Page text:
Six years ago when I worked at the Combating Terrorism Center at West Point, no one really wanted much to do with researching terrorism and counterterrorism in Africa. The signs were already emerging that al Qaeda was migrating to the continent and weak and failed African states seemed ripe for future safe havens. However, most everyone in the terrorism and counterterrorism research community were busy chasing the latest conflict, Iraq, and focusing on unappreciated backwater conflicts like the Sahel or the Horn of Africa seemed foolish to most. I fortunately didn’t have to fight off many other takers to do the research for al Qaeda’s (Mis) Adventures in the Horn of Africa. Well, much has changed.
This past Monday I attended the Homeland Security Policy Institute’s session with General Carter Ham, Commander of U.S. Africa Command. It turned out to be an excellent session and if one is interested in watching the discussion see this link here and watch the video. I expected to see and hear a lot of discussion and question and answer on Benghazi but the topic was only lightly touched…as if the election has finally passed and conversation can now focus beyond a single incident. The topic most discussed was Mali. Everyone wanted to know what AFRICOM was planning on doing and when they would do it. General Ham offered that the solution to the AQIM presence in Mali would require an African solution and pointed to how the U.S. has been supporting others countering al Shabaab as a model for what AFRICOM might put together in Mali.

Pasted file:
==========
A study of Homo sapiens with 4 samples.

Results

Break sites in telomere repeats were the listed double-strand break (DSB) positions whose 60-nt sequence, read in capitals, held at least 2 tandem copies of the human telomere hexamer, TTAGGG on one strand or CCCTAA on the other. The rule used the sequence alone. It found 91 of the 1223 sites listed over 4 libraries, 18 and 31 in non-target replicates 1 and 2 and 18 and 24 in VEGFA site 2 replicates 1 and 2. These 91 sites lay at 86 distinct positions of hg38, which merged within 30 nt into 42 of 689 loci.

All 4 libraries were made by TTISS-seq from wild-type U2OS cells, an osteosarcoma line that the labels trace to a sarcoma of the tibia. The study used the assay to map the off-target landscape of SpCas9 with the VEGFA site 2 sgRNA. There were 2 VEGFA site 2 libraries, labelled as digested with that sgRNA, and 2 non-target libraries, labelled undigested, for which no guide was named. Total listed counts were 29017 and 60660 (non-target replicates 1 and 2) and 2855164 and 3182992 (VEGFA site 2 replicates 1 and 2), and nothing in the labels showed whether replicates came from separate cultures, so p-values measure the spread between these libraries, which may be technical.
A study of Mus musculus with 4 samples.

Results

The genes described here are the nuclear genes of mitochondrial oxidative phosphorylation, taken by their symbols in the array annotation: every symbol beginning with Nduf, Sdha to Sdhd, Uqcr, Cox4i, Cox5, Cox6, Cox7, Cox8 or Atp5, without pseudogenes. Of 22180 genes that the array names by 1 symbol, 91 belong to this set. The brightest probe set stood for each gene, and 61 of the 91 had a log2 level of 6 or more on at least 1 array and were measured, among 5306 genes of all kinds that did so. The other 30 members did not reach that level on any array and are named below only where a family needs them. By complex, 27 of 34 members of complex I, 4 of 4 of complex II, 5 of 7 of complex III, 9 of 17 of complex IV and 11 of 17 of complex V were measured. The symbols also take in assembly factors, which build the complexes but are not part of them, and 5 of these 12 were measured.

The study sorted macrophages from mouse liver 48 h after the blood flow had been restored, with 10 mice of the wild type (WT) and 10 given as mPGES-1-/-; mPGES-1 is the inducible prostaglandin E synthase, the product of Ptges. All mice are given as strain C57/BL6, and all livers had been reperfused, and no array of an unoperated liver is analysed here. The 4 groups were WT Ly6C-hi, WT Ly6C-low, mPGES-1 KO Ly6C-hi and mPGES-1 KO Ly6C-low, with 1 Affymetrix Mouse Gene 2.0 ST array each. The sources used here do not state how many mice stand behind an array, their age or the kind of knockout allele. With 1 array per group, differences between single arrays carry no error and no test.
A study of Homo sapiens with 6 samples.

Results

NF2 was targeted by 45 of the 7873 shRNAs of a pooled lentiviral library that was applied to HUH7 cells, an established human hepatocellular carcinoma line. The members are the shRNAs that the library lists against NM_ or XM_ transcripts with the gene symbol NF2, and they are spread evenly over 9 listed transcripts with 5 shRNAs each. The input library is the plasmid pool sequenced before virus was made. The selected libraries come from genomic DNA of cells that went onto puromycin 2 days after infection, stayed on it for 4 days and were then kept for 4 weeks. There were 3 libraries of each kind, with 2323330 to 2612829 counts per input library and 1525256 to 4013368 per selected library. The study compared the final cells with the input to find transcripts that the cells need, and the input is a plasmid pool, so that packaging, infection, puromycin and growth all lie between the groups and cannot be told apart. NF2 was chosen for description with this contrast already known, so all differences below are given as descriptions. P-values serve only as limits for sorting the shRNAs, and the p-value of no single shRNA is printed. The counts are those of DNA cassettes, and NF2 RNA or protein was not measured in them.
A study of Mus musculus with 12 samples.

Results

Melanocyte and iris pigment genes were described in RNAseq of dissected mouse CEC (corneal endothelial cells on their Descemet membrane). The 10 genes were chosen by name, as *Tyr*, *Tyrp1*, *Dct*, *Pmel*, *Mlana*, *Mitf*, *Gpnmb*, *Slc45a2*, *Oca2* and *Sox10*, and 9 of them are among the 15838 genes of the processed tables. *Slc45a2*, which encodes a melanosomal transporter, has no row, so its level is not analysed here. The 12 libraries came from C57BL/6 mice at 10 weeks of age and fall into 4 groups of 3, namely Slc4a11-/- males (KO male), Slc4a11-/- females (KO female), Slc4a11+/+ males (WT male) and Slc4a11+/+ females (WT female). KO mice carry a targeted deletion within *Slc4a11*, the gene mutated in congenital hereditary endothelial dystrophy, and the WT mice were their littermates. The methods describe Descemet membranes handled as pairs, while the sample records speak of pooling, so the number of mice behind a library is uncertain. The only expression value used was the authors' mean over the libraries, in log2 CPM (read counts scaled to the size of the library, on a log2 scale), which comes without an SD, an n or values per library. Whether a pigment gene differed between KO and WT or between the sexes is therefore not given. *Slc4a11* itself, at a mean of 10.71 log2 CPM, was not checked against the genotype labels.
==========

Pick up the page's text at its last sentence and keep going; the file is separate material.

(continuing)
The New York Times also did a good write up on the event noting that General Ham discussed connections between terrorist groups in Africa.
In addition to the risks inside Mali, General Ham also said that members of Boko Haram, an extremist group in northern Nigeria, had traveled to training camps in northern Mali and have most likely received financing and explosives from the Qaeda franchise. “We have seen clear indications of collaboration among the organizations,” he said.
I’ve heard this reported often in the news, but have on this blog always stressed the inverse question: “when do extremist groups in Africa not get along?” I was lucky enough to get to ask that question to General Ham at the end of the session and he responded. General Ham said that there has been conflict between foreign fighters coming into extremist groups and exerting themselves as the leadership, which is not always appreciated by the locals. Ahh, well maybe the “Somalia Model” will work after all, as it was there where local Somali clans had no real interest in being bossed around by foreigner fighters, particularly in the 1990′s as well as more recently at the height of al Shabaab.